New York Mets shortstop Jose Reyes has long been a fantasy stalwart due to his sizzling speed and surprising pop. After a lost 2009 season in which the switch-hitter injured his right hamstring and played his last ball game in late May, fantasy players were hoping to get a discount on an electric talent in 2010. To this point, though, Reyes is hitting more like Rey Ordonez.
Since making his season debut on April 10 (he opened the year on the DL with a thyroid imbalance), Reyes has hit a feeble .215/.267/.289 in 146 plate appearances. His wOBA is .260, and he has yet to go deep in 2010. Jose has eight steals, but that doesn’t matter much when you’re showing the offensive skills of Willie Mays Hayes. What’s going on here?
The first thing that stands out is Reyes’ lack of patience at the plate. This season, the 26-year-old has hacked at 35.5 percent of pitches thrown outside of the strike zone, about 10 percent higher than his career mark and well above the 27.2 percent MLB average in 2010. That free-swinging approach has produced a 5.5 percent walk rate, Reyes’ lowest figure since 2005.
Perhaps recognizing Jose’s expanded zone, opposing pitchers aren’t tossing him many strikes: just 39.5 percent of Reyes’ pitches seen have been within the strike zone. That’s far lower than his career 52.7 percent average and the 47.9 percent MLB average.
Swinging at so many bad pitches, Reyes has made little forceful contact. His Isolated Power is .074, slightly more than half of his career .145 mark. Reyes is getting jammed a lot, as his infield/fly ball rate is 19.1 percent. His career rate is 11.7 percent, and the MLB average is around 7-8 percent. Reyes is making less contact, too, putting the bat on the ball 82.7 percent (85.9 percent career average, 80-81% MLB average). His K rate is a career-high 15.6 percent.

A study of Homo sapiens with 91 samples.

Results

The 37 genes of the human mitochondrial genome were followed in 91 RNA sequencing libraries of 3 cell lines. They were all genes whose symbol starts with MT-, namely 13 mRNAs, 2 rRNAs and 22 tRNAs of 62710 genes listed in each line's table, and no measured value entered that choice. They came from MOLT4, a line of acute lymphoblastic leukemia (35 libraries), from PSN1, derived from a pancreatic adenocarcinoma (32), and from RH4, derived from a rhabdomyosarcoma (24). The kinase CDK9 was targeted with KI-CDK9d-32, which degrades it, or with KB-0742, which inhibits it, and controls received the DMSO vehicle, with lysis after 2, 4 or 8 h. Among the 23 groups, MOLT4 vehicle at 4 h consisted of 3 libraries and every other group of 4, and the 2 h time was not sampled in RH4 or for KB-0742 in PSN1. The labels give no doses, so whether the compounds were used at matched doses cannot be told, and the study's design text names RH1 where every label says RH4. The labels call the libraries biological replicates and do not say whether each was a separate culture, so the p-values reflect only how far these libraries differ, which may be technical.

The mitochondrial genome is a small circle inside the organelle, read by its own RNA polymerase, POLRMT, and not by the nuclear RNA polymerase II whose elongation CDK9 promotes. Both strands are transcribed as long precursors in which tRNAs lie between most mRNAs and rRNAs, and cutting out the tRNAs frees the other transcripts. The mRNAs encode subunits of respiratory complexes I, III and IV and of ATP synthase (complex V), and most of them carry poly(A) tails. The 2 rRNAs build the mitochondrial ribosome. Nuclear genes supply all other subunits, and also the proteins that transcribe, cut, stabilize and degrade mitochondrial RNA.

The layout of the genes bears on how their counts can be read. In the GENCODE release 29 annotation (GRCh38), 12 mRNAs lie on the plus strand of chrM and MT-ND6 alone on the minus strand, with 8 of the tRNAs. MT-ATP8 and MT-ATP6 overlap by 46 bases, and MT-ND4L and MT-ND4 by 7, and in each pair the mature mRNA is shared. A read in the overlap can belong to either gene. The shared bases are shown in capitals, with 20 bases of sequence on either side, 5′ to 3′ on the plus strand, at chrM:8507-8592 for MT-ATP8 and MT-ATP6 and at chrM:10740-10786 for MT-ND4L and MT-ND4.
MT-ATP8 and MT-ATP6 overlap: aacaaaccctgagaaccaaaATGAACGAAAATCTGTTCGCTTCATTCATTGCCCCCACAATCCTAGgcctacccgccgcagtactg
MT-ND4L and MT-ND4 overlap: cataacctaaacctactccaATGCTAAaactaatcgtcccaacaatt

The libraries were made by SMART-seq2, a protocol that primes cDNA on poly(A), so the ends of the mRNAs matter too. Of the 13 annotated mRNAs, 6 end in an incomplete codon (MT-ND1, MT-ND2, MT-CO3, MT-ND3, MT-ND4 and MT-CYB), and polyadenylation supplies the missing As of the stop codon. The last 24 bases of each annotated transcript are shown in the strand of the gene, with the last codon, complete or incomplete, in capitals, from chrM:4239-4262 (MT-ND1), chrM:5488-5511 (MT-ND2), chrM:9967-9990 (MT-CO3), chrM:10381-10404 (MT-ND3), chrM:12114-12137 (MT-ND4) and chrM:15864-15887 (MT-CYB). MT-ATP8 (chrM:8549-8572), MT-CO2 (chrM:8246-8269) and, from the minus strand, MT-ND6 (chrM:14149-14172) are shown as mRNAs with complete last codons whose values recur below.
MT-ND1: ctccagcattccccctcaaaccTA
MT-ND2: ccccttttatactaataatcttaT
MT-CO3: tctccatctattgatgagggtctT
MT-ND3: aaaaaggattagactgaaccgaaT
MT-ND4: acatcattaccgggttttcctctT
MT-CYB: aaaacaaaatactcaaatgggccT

During his big league career, Reyes has hit line drives at a 20.2 percent rate. In 2010, just 13.9 percent of his batted balls have been classified as liners. As mentioned in the discussion of Chone Figgins‘ rough start to 2010, the classification of line drives can be tricky. But liners have a .731 batting average and a .990 slugging percentage in the NL this season. Relative to his career batted ball averages, Reyes has swapped 6-7% of his line drives for infield fly balls, which are near-automatic outs. That’s a trade that no hitter wants to make.
Though there are plenty of negative trends here, Reyes has been somewhat unlucky on balls put in play. His BABIP is .252, while his expected BABIP (based on home runs, strikeouts, stolen bases, line drives, fly balls, pop ups and ground balls) is .290. In particular, the speedy Reyes has a .196 batting average on ground balls, compared to a .269 career average. He also won’t keep hitting .116 and slugging .140 on fly balls (his career marks are .195 and .477, respectively).
Jose Reyes is a mess at the plate. But fantasy owners can do little else but wait — he’s far too talented to trade away for sixty or seventy cents on the dollar. For non-owners, this wouldn’t be a bad time to make an offer. Perhaps you can pick Reyes up at a discount from someone whose patience has run thin. The Mets’ shortstop still has the potential to be an all-around force, but he’ll have to stop swinging with reckless abandon to regain that elite status.